Juan-les-Pins: the French Riviera's biggest party town
- Recommended for:
- Beach, Short Break, Nightlife, Budget, Expensive, Mid-range
Juan-les-Pins is nearly a century old - but this glittering resort, together with neighbouring Antibes and the ritzy Cap that connects them, only gets better
It’s more than 80 years since Cole Porter and Scott Fitzgerald took homes on the Cap d’Antibes, raised hell with their Hollywood friends and persuaded the glitterati the Cote d’Azur was the place to party in the summer.
And they were not the first to arrive. Juan-les-Pins has been the Riviera’s most lively holiday playground ever since restaurateur Edouard Baudoin identified this sandy cove, fringed with a pine forest, as an ideal new location for the twin 20th-century vices of sunbathing and gambling. He rebuilt a dilapidated casino and added a cabaret stage, booking music hall stars The Dolly Sisters to celebrate reopening night.
American gangster Frank Jay Gould helped the resort grow by persuading the French army to build roads and a sewerage system. Scott and Zelda Fitzgerald came to stay and play here in the 1920s, followed by Coco Chanel - who was famously refused entry to the casino for wearing “beach pyjamas”, the newfangled fashion craze that came to personify the style of this thoroughly unstuffy resort.
Remarkably, despite the escalating traffic and development of the past half-century, Juan-les-Pins has retained its cachet, and the most enchanting places remain unspoiled and magical - none more so than the Hotel Belles Rives, the original party house of the 1920s. That was when the young Fitzgerald, flushed with the success of The Great Gatsby, moved with his bride Zelda into the Villa St Louis at Juan-les-Pins, not far from Porter’s home at La Garoupe. There was endless partying before the villa became a hotel in 1930.
Today’s Belles Rives is a perfectly-preserved Art Deco oasis in a resort that still oozes the joie de vivre that made it so popular with holidaymakers in the 50s and 60s. Every night from then till now, the piano bar of the Belles Rives has been dispensing nightly nostalgia to guests feasting on exquisite Mediterranean fare on the seaside terrace.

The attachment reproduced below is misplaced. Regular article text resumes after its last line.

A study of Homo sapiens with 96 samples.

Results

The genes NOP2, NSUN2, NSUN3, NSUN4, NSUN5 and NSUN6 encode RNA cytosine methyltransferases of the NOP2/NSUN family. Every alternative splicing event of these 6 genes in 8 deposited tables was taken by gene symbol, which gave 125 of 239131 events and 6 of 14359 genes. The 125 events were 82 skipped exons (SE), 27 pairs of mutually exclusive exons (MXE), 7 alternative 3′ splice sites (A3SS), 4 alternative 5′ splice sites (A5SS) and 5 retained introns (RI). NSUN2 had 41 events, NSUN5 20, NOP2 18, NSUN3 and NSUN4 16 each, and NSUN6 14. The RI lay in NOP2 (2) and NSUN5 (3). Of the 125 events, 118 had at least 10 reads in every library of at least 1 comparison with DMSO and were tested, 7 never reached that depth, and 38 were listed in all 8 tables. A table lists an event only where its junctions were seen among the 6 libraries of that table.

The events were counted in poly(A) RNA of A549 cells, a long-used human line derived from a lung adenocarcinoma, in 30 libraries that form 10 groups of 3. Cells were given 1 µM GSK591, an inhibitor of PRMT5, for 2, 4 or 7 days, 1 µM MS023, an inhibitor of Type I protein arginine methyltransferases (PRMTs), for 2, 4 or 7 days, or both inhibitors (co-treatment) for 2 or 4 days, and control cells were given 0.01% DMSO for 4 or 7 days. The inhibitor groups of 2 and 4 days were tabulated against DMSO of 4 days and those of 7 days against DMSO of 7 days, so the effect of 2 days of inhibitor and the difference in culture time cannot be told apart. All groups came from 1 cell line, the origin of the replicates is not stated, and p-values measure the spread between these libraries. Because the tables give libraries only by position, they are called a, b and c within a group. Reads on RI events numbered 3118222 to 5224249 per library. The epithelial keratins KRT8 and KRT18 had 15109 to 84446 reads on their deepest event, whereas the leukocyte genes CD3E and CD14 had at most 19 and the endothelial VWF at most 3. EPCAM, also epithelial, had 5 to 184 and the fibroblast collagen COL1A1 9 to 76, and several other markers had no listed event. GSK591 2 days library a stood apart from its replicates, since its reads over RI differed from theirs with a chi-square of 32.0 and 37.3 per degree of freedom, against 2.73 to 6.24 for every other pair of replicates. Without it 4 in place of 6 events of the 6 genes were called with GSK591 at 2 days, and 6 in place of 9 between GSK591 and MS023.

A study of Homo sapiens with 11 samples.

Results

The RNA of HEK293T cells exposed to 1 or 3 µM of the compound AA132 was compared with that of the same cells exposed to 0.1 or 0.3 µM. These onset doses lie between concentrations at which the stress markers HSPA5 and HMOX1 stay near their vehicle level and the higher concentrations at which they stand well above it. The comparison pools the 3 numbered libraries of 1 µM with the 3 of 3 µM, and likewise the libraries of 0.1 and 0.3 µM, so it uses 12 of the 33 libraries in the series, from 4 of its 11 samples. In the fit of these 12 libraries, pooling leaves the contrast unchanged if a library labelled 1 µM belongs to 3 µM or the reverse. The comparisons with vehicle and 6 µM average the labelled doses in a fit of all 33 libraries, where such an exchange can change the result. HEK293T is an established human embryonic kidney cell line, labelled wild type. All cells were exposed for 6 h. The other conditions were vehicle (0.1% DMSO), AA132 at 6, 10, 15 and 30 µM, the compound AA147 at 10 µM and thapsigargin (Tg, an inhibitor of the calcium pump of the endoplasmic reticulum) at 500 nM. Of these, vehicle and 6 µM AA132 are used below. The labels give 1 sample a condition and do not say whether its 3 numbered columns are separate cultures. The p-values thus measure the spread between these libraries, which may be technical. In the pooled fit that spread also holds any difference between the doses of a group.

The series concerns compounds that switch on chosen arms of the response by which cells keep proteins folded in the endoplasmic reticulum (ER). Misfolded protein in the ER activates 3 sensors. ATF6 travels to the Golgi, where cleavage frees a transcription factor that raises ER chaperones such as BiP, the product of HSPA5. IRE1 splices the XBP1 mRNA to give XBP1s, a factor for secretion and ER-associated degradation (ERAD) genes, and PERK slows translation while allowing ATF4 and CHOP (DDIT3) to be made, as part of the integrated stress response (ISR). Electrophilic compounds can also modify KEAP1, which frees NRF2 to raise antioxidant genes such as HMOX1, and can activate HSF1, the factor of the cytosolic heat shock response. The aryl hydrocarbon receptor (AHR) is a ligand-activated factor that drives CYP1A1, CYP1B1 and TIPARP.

Almost every night, one should say, since rain stopped play on a recent visit - and it proved a real cause for celebration, packing everyone in to the elegant dining-room, which once buzzed with the partying Fitzgeralds and their coterie, but is hardly ever used in season because guests prefer to dine outside overlooking the twinkling lights.
The family that owns the Belles Rives has performed a service for the resort in rescuing the Juana, another Art Deco hotel whose owners might have sold out to a chain; this continues to be the favourite of performers at the annual summer jazz festival. And one new development that works is the excellent contemporary fish restaurant, Festival de la Mer, opposite the enduring Crystal cafe - also within view, alas, of the hideous blue glass reincarnation of the once-so-elegant Eden Beach casino, where Josephine Baker and Edith Piaf performed. You can eat reliably well at the Festival for around £25 per head, and the food will be better value than at the enchanting but inevitably rather overpriced restaurants which sit right on the beach. The beaches themselves are private, and you could pay up to £20 a day for a matress and parasol.
The resort offers many delightful accommodation options, including the elegant and affordable Sainte Valerie. The glitterati tend to opt for Eden Roc, as the Hotel du Cap, on the beautiful stretch of coastal peninsula that runs the long way between Juan and Antibes, is known. It reopens for the season each April, and every starlet in town for the Cannes Film Festival will arrange to be photographed around the hotel pool the following month - if they can get past the security men, who will be doing their best to keep out the riff-raff.
Antibes, which has a lovely old port, will be doing its own bit to lure holidaymakers away from the Juan-les-Pins beaches - and the rarefied delights of the Cap - this year with the reopening of the Picasso Museum. Closed for a long renovation, this is where the artist actually worked, and his atelier, which was crudely petitioned after he moved down the coast to pursue his ceramics practice, has finally been restored to its original glory. There's more Picasso to check out at the museum in Vallauris, which celebrates the artist's ceramics; it's a few mils on the other side of Juan-les-Pins to Antibes, and closes for lunch.